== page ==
Agricultural commodity prices peaked at the beginning of 2011 and remained high throughout the first half of the year due to tight market conditions in 2010/11. Last year’s global cereal harvest reached a new record of 2.3 billion metric tonnes. However, this increase in production will be entirely absorbed by rising demand for food, feed and biofuel uses. As a result, the global stock-to-use ratio is seen as remaining stable but still relatively low at the end of the 2011/12 campaign. More worryingly, the ratio for coarse grains is expected to decline for the third consecutive year, to a very low level, due to a disappointing maize harvest in the United States (according to USDA crop forecasts).
Stimulated by the sharp rebound of world economic activity, particularly in developing countries, and strong agricultural market fundamentals, IFA estimates that global fertilizer consumption increased by 6.2 per cent in 2010/11, to 173 million metric tonnes (Mt) of nutrients. Responding to attractive agricultural commodity prices, world fertilizer demand is anticipated to rise steadily in 2011/12.
“World demand would increase by 3 per cent in 2011/12, to a record 178.2 Mt,” says Patrick Heffer, Director of the IFA Agriculture Service. By the end of the 2011/12 campaign, world fertilizer demand is expected to have fully recovered from the economic downturn for the three macronutrients. N, P and K fertilizer demand in 2011/12 would surpass their 2007/08 levels by 7.2, 2.7 and 0.5 Mt, respectively. Forecasts for 2012/13 are highly speculative in view of the rapidly deteriorating economic context in advanced economies. Tentative forecasts point to 2.3 per cent growth.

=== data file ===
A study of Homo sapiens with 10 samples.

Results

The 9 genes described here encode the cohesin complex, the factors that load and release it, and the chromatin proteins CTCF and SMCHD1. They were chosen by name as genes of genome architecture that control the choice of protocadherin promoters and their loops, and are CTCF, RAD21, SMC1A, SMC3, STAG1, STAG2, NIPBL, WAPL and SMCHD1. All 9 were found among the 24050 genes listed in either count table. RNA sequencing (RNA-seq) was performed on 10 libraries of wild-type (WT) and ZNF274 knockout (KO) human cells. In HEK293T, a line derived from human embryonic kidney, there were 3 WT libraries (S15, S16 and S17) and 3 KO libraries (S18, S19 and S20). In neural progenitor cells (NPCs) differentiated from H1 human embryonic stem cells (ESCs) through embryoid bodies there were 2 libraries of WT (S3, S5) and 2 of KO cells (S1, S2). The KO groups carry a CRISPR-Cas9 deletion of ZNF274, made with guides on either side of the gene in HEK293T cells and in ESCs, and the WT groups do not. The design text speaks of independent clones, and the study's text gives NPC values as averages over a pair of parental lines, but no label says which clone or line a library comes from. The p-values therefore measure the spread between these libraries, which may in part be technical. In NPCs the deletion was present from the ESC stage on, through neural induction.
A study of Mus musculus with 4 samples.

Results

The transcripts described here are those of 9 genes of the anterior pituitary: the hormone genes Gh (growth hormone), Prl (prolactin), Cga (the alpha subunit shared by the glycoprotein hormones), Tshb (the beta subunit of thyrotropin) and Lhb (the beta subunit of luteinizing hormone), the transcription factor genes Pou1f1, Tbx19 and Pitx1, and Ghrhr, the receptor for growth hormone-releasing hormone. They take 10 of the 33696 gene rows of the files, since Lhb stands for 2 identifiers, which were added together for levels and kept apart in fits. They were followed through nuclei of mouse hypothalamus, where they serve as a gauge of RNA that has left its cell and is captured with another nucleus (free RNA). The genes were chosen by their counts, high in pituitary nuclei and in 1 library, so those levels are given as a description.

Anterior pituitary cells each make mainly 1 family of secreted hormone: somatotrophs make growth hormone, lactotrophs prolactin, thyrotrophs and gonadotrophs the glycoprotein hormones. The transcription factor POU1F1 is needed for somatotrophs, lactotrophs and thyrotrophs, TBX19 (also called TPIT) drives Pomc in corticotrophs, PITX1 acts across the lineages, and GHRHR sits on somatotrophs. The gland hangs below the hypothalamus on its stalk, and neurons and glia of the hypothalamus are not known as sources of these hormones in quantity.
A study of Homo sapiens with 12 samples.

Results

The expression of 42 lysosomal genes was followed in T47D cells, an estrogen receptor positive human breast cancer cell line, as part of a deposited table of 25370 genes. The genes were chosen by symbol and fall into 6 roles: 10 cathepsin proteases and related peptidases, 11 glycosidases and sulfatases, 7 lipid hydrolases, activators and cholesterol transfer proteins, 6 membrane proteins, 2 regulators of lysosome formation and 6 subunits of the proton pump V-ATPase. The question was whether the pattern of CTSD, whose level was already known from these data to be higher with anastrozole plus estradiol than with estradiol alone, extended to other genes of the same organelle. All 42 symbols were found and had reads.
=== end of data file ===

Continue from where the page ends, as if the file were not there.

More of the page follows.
“World nutrient supply, in 2011, expanded in response to such robust fertilizer demand. The global production of ammonia, phosphate rock and potash reached record levels,” confirms Michel Prud’homme, Director of the IFA Production and International Trade Service. However, global nutrient capacity grew at a slower rate than production, confirming the tightness of supply seen throughout 2011, because of delays in new capacity commissioning and stronger than expected demand.
IFA estimates that global sales prospects point to 2.6 per cent overall growth in 2012, reaching a record level of 232 Mt nutrients, with production increases of about 2.5 per cent for nitrogen, 3.5 per cent for phosphate products, and up to 4 per cent for potash. Global trade prospects appear positive for virtually all products.
“Massive investments in new capacity projects since 2009 have now started to add significant new supply of urea, DAP and potash,” adds Michel Prud’homme. However, several factors have the potential to change the supply landscape and impact current trade flows and investment decisions in the near term. These include the continued shortfall in the supply of natural gas in a few large nitrogen producing countries, such as China, Iran, Pakistan, Trinidad and Venezuela; the implementation of export taxes on fertilizers; delays in the completion of new capacity projects; and increasingly stringent environmental regulations.